It was only a matter of hours since the Conservative government fell to a no-confidence vote in the House of Commons but both declared local candidates were preparing to hit the ground running Friday afternoon.
“We’re probably a week from being fully up and ready but knew it was coming so we’re ready to go,” said NDP candidate Mark Shmigelsky just before he started his last shift of work before hitting the campaign trail.
David Wilks, the Conservative Party candidate who is replacing long-time Kootenay-Columbia MP Jim Abbott, was also getting ready to hit the road on Friday, telling the Times Review he planned to kick off his campaign in Cranbrook as soon as the writ was dropped on Saturday.
“I’m looking forward to the next 36 days and I’m looking forward to representing the constituents of Kootenay-Columbia in the next Federal campaign,” he said Friday.
Meanwhile, Betty Aitchison of Kimberley, B.C., a long-time member of the local Liberal Party, announced Saturday she would be representing the party for a second time. In the 2008 election she finished last with only 7.8 per cent of the vote. In an interview she said she was still preparing for the campaign.
William Green is running for the Green Party and Brent Bush, a past candidate for the NDP, is running as an independent.
The Kootenay-Columbia riding has gone to the Conservative Party in its various incarnations since the riding was established in 1997. Abbott won convincingly each time, receiving at least 52 per cent of the vote (and as much as 67.8 per cent) in the past five elections.
While the Conservative Party is the favourite in the campaign, the NDP has hopes of wrestling the riding away from the Conservatives this time around and have won the riding in pre-Abbott times.
As to the issues, Shmigelsky, the former mayor of Invermere cited the economy and affordability as well as the Harper government’s record of secrecy and scandals – calling it the “worst government in Canadian history” on the latter issues.
“Seniors are in poverty, people that have never had a problem before are suffering through this recession,” he said. “When Harper has been given billions of dollars to corporations, he’s been giving pocket change to those that are in need.”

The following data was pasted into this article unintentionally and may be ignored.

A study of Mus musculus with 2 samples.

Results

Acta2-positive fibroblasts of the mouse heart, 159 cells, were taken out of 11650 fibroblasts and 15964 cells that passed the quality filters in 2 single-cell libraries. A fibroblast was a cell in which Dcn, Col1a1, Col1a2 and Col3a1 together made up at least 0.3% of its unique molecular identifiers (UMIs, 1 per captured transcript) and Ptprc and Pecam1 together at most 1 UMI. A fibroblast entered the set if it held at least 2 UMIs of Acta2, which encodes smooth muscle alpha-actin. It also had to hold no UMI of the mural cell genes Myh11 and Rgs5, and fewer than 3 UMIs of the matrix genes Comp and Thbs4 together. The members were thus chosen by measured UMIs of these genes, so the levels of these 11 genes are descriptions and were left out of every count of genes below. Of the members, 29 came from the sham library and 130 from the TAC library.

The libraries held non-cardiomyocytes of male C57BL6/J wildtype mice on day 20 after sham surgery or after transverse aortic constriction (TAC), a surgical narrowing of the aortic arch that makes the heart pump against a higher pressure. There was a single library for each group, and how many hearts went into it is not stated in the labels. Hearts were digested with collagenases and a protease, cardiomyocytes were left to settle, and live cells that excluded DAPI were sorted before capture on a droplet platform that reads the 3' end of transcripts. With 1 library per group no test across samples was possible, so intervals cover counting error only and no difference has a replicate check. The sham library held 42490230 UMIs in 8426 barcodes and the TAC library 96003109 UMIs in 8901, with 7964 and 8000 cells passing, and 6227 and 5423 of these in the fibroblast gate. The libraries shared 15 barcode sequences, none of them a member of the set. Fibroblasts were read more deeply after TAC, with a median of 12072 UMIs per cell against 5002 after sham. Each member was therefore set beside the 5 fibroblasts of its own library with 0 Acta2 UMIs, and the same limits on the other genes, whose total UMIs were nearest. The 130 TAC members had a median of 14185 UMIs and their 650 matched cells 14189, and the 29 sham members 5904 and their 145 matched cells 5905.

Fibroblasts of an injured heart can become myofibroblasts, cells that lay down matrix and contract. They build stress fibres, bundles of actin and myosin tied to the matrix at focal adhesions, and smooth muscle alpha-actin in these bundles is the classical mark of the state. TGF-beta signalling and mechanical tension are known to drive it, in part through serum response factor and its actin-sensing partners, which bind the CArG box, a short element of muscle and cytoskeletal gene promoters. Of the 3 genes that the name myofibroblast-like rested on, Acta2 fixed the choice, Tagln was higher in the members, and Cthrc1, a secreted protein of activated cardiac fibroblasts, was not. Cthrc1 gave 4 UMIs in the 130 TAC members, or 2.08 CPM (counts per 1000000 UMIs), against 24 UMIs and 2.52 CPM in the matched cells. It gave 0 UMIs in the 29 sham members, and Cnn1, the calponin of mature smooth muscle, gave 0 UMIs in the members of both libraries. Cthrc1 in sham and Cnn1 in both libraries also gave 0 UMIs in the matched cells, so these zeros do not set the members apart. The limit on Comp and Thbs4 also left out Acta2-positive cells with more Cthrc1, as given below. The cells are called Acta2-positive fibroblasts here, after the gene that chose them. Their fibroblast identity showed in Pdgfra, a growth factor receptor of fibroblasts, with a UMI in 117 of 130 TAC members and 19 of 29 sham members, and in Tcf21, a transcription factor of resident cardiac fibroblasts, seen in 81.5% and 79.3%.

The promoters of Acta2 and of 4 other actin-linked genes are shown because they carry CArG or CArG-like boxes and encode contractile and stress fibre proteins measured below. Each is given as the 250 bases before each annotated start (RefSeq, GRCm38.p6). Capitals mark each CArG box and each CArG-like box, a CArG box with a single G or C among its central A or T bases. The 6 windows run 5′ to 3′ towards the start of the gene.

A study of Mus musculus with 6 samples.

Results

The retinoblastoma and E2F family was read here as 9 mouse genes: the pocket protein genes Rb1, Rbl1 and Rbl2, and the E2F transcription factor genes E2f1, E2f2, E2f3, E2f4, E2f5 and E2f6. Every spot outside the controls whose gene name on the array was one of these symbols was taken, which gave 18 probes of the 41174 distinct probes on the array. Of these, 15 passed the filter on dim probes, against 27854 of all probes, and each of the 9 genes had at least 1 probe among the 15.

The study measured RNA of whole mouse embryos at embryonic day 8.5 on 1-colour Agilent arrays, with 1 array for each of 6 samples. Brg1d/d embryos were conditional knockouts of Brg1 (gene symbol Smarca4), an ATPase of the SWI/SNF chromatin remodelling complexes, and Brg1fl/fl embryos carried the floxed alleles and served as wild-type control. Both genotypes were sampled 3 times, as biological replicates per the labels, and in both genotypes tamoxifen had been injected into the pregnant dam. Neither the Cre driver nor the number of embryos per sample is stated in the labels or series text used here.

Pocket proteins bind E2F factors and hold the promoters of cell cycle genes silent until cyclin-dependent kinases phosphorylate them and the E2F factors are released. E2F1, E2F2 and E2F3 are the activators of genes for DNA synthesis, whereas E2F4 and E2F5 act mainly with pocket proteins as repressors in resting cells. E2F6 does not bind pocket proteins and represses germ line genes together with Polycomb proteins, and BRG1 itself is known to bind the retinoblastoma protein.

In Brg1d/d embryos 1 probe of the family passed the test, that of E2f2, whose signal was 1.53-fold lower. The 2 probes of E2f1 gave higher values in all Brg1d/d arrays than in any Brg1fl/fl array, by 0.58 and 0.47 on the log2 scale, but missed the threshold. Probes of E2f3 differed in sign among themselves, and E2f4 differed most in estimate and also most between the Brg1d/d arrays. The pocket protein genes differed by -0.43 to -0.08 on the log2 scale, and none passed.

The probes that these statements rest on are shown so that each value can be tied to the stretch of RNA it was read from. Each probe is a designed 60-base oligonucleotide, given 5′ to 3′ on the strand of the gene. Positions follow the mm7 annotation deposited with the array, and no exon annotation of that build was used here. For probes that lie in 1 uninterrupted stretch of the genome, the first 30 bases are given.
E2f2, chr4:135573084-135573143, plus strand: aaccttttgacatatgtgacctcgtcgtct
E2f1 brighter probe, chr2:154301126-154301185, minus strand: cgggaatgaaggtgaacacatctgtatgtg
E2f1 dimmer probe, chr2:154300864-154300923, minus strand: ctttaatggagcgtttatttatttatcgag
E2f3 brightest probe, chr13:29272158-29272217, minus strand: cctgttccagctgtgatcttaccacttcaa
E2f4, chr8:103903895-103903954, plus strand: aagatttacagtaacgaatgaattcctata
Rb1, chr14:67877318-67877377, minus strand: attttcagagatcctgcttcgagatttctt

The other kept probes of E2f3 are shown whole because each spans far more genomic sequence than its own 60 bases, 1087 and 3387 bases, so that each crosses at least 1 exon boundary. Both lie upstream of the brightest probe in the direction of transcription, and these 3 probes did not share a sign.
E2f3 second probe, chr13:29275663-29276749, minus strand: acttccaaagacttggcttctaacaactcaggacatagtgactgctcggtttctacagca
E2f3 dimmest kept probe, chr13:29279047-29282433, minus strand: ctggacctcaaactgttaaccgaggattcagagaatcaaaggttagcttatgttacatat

Wilks, the mayor of Sparwood, also cited a need to maintain a stable course on the economy and would work towards “tough-on crime” legislation and support for the military.
“We needed to continue along the recovery of our economy and keep pushing for jobs,” he said. We had a very good budget but unfortunately it never got there.”
Aitchison cited the recent contempt finding against the Conservative government as a main issue and said the Harper government conducted business that “was not the Canadian way.”
“The bullying that goes on by the present government is way more than anyone should expect from grown people,” she said.
She also said the priority should be help for seniors and families as opposed to spending billions on new fighter jets.
Wilks said Abbott will serve as a mentor over the course of the campaign and he hopes to fill his shoes as a grass roots politician.
“I believe I have the same personality as Jim. I’m very likeable, I’m approachable,” he said.
“In my role in municipal politics in the last nine years I’ve been able to work with a lot of people and get a lot of things done in the Elk Valley as well as the Regional District of the East Kootenay.”
Shmigelsky, for his part, said that if he is elected, he will represent all residents of the riding, regardless of their political affiliation.
“When you elect me as your member of parliament, you’re going to hear your voice in Ottawa,” said the former mayor of Invermere. “If you elect Mr. Wilks or anybody else, you’re going to hear Michael Ignatieff’s or Stephen Harper’s.”
Shmigelsky and Wilks are no strangers to each other, have worked together on the board of the Regional District of the East Kootenay for six years, from 2002 to 2008.